When I worked at the BBC, I participated in a workshop where the entire department went through a Myers-Briggs Personality questionnaire. I think the aim of the workshop was for all of us to understand, to some degree, the personality traits of our colleagues. The Myers-Briggs test was originally devised in the Second World War by Katharine Cook Briggs and her daughter, Isabel Briggs Myers. The form of the test I participated in was a very long questionnaire which, when analysed, highlighted your personal preferences. That’s a very important aspect of the results—they describe what you prefer to do, not what you do all the time. I was sceptical at first, but after completing the test, and the following workshops, i’ve had some fantastic insights into my own preferences—particularly when carrying out my job day to day.

I, N, T, P

The four pairs of preferences or dichotomies in the Myers-Briggs test:

  • Introversion - Extraversion
  • Sensing - iNtuition
  • Thinking - Feeling
  • Judging - Perceiving

Combinations of these preferences build to give you a set of traits, eg. ISTJ: Introverted, Sensing, Thinking, Judging or ENFP: Extraverted, iNtuition, Feeling, Perceiving. I turned out to be INTP. Introverted, iNtuition, Thinking, Perceiving. But what does that mean? Well, there’s a whole load of information which breaks this type down. A good source is Type Logic. At this stage of the workshop, in all honestly, I felt I was having my palm read—I really didn’t buy it. It was only discussing it in detail with the Wife (who has a degree in Psychology), that I began to understand my new pigeon-hole.

Think Do Think

Some of the biggest conflicts, especially in the workplace, are when two opposing personalities (whose preferences are opposites) fail to understand the way the other prefers to work. This, for me, was the value of doing this test openly in the workplace. I knew what my preferences to working were, but I wasn’t aware of other peoples and therefore couldn’t put myself in their shoes. It turns out, I prefer to work in a Think Do Think way. For example, I get a brief and I go away and Think about it. I’ll then Do something on it, then go away and Think some more. My preference is to think about it first. Other people have an opposing preference though—Do Think Do. These are the people who I find it very difficult to work with, simply because they work in a completely opposite way to me. You know the type (maybe you’re one). You solve problems as you talk about them. You Brain-Dump. You thrive on brainstorming. You instantly get a plan together and know where you’re going. You then validate that direction by thinking about it for a while. And so it goes on.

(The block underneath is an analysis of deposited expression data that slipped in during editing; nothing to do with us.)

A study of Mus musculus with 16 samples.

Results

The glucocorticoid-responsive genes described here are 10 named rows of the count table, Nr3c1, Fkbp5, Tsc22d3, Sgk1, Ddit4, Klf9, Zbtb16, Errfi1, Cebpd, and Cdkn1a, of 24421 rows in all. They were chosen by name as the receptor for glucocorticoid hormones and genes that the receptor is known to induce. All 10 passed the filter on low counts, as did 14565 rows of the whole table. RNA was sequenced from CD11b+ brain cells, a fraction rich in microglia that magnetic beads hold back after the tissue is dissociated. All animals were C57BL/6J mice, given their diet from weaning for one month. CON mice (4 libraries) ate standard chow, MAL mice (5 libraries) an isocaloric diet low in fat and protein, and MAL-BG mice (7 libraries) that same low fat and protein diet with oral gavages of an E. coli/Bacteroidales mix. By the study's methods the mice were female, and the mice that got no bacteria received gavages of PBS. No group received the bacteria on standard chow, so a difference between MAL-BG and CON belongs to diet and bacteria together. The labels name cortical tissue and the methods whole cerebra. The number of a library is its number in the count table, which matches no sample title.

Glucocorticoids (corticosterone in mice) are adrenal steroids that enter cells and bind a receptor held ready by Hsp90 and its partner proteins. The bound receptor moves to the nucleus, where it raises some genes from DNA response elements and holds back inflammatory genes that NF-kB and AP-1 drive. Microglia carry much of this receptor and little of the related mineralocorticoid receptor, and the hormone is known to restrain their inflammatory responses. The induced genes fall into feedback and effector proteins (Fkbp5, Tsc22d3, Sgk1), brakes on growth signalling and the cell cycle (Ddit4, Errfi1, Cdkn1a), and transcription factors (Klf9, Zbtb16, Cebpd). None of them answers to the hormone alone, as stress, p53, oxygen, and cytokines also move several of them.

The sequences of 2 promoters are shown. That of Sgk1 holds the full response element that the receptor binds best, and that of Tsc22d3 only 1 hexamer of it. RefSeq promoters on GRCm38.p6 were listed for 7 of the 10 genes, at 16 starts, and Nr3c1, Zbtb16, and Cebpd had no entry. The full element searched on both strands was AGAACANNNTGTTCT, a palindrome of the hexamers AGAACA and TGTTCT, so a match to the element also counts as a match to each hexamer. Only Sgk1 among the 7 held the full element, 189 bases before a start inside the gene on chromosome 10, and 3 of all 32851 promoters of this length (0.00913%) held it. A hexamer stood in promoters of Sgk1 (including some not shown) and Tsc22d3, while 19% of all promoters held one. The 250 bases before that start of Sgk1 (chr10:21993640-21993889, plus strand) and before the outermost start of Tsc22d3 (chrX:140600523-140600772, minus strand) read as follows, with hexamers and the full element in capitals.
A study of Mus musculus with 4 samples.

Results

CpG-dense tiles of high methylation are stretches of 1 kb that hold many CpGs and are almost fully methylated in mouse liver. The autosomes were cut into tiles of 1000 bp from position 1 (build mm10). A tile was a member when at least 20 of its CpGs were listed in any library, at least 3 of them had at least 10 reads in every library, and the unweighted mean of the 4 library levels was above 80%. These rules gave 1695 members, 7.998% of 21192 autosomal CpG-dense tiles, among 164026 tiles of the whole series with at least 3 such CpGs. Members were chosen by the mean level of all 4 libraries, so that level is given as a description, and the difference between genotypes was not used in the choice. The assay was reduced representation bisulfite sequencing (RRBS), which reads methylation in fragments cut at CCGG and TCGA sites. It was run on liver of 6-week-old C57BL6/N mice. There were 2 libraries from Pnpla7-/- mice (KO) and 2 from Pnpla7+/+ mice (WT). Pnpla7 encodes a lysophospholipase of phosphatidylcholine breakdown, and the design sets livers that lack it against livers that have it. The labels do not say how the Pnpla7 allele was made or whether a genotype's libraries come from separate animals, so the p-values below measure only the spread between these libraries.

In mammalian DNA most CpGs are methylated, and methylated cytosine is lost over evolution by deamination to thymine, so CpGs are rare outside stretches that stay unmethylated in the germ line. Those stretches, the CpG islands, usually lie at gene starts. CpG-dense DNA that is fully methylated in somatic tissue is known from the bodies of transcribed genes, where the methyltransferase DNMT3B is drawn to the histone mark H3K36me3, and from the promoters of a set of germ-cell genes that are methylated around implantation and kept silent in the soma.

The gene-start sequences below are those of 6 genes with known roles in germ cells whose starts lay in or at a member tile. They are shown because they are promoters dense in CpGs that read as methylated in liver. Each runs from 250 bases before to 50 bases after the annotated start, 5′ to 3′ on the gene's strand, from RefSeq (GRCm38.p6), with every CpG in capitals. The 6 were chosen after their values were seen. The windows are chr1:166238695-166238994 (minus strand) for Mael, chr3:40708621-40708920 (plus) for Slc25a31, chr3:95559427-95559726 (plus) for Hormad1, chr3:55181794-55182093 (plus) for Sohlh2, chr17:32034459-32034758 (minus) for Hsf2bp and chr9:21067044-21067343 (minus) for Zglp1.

Get the brief in early

At Mark Boulton Design, as I have done throughout my career, I’ve made a point of trying to get the brief in early. As soon as possible actually. Quite often the client will want me to act upon that brief right away. I prefer not to. I’ll sit on it and think about it for a while. When it comes to actually doing the work—from brainstorming or discovery, to designing the UI or layout—I’m already in a more informed position. I will have questions, and answers. I will, hopefully, have a good grasp of the problem. Quite often though, this has all happened on a subconscious level. I will have been stewing it over during those quiet moments in the day. This working practice works very well for me. However, quite often, it goes against working practice of clients and colleagues who want results right away.

Try it for yourself

TypeLogic have a few links off to online tests. If you’re currently having conflict with some colleagues, or a particularly difficult client, then have a go at this test. It may not tell you about them, but it may well give you enough insight into your own preferences which could help the situation. If you do, or have done the test before, I’d be interested in knowing what you thought of it.